Saturday, October 30, 2010

New Project Underway

I've been a little quiet lately because I've been a little busier lately.  I have a new project underway, making an AR-15 from an 80% lower and a pile of parts.  Thanks to the fine folks at Colfax Tactical, I have a lower receiver forging on the CNC mill and I'm in the process of finishing the last 20% that makes the lower receiver functional. 

Why this project?  First off, as someone observed before, "ARs are like potato chips: you can't stop at one".  My main use for my AR has been remote paper punching, and I'd like to have another with a longer barrel (mine is 16").  A second reason is the answer to "why climb that mountain?".  I enjoy doing things in the shop, I have a CNC milling machine, a drill press and everything I need to take on this project, so why not?  Finally, under BATFE rules, the lower receiver is what constitutes a gun, and an 80% lower is not useful enough to be considered a firearm.  It's a paperweight which can be bought without an FFL transfer.  So for a few hours of work in the shop, you can turn a paperweight and a handful of springs and things into something very useful. Once you turn it into a gun, you don't legally need to put a serial number on it; it's probably easier to put a number on it than to explain to the nice officer why your gun doesn't have a serial number!
I elected to buy the optional fixture that Colfax sells, because this is my first one.  Perhaps if there are more in the future, I'll work with the raw castings/forgings.  The first step is to center the drilling guide over the area that will be hollowed out - this is the fire control pocket, where the trigger and safety are located.  This photo shows me marking the hole locations on my drill press.  Once that was done, I moved it to the milling machine.

Once it was on the milling machine, I immediately discovered that the work holding clamps for the mill wouldn't securely grab the fixture, so I had to go back over to the drill press and modify the fixture.  This clamp is holding onto a 1/4-20 machine screw that wasn't there. I had to drill and tap the holes for it to make the fixture usable to me.  There's one on each end. 

The first holes to drill out will become the trigger slot.  These need to have 1/8" guide holes through drilled, followed by a 5/16" drill, all the way through the forging.  All of the rest of  the marks will get 1/8" and then some get 3/8" holes drilled to "hog out" most of the metal.  A drill is pretty much the fastest way to remove metal, especially for a small, low horse power mill like this.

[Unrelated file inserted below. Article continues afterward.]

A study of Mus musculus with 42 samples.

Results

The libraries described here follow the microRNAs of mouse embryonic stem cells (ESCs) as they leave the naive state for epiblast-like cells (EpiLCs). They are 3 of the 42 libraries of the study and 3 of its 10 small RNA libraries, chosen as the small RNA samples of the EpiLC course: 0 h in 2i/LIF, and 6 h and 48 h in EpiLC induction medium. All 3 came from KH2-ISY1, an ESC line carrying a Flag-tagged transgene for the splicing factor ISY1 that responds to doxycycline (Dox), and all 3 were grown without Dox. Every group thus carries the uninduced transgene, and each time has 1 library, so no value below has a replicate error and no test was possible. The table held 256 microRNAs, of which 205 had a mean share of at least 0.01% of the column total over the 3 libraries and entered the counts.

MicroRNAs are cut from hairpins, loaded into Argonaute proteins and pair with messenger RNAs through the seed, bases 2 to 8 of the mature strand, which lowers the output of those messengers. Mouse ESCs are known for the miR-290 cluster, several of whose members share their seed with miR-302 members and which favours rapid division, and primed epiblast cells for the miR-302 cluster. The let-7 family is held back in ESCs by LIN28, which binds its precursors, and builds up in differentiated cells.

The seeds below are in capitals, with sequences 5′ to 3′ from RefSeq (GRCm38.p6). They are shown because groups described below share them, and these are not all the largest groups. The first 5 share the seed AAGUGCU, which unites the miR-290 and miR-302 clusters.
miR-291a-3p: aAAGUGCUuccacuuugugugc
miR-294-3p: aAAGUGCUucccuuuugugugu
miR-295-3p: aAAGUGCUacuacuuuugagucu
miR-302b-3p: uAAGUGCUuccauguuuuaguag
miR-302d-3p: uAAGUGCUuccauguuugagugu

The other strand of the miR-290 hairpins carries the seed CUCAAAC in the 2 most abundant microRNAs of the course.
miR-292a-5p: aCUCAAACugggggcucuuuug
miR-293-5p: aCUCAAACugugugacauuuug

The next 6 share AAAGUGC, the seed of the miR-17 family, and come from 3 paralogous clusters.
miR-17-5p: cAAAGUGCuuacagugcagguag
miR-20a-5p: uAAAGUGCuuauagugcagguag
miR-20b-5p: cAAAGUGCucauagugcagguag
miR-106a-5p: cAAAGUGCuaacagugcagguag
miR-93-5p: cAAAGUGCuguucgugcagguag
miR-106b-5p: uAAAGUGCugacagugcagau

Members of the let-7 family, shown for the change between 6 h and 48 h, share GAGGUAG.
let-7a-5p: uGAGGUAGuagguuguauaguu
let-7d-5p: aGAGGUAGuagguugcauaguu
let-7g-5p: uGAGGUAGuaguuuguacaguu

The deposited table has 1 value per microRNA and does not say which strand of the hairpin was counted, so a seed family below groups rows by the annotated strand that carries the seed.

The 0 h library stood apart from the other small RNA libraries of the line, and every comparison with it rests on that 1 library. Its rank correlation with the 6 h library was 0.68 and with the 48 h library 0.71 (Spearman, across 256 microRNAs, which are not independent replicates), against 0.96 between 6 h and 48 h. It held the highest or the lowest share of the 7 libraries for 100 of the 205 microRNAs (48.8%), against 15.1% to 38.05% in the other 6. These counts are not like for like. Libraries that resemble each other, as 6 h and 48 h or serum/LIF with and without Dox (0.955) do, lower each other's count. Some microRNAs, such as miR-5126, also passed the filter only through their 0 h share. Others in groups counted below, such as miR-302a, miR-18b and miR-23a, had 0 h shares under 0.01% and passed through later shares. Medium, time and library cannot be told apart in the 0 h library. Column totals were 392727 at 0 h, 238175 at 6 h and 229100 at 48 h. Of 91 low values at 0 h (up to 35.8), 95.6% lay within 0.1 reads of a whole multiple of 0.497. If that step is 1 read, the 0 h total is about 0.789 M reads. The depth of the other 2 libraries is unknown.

Both of these pictures were taken while drilling (specifically, running a CNC G83 "Peck Drill" cycle), but the flash froze the motion.

That's the latest here at Castle Graybeard.  I'll update it as I move along.  For those interested in more info, besides commenting here or email to my blog account, you can find information at the CNC Guns forums, and main web site.  As far as I know, I'm the first person to do this on a Sherline mill.  Well, hybrid Sherline and A2Z CNC mill.

Edit:  10/30 2235   That dastardly typo gremlin edited my post after I put it up.  I swear that little guy gets me all the time. :-D  


  1. Stamp it with a "1."

  2. I'm going to CNC engrave it.

    Mrs. Graybeard says we should name it after our cat, Mojo (Moe). Make up the fictitious name "Moe Guns", as in "who doesn't want Moe Guns?".

  3. Moe's Bigguns? :-) Nice! Makes me wonder if I should buy a little Unimat and set up the Mill part to try doing what you're doing too - but I'm afraid it may not be really up to that task, and I'm not particularly familiar or good at metal work, and besides I have a buddy with a huge X-Y-Z machine who can do mchinistry things blindfolded.
    But it would be cool to have one (a Unimat).

  4. DirtCrashr: you don't really need a mill. A drill press is really all you need, with a few common drill bits (1/8, 5/32 and 3/8 if I recall). I think a bench-top ("8 inch") drill press would work. An X-Y table on the drill press would help, but is not essential. A hand cranked mill would be excellent, and while I've never touched a Unimat, my guess is it would work.

    CNC Guns Drill Press Tutorial

    What I'm finding is that doing it in my CNC system is slowing me down, so I may end up finishing it on the drill press.

    Right now, my lower looks more or less like this.

  5. Looks nice! I just need an excuse to get a Unimat, and then the expertise to go with it. :-) My friends massive XYZ machine could whip it out in seconds, it cuts steel like butter. He kinda does skunk-work for Google.

  6. If it makes you feel any better, when I got my Sherline a few years ago, I don't think I had ever even touched a milling machine. Maybe I bumped into one in a shop by accident, but I sure never used one.

    I've learned everything I know reading and making some chips of metal, wood and wax.

    Over on the CNC Guns site, the guy shows how he made a complete lower from a solid block of aluminum, like your friends' machine. I'd love to have that capability, but I can hardly walk in my garage as it is.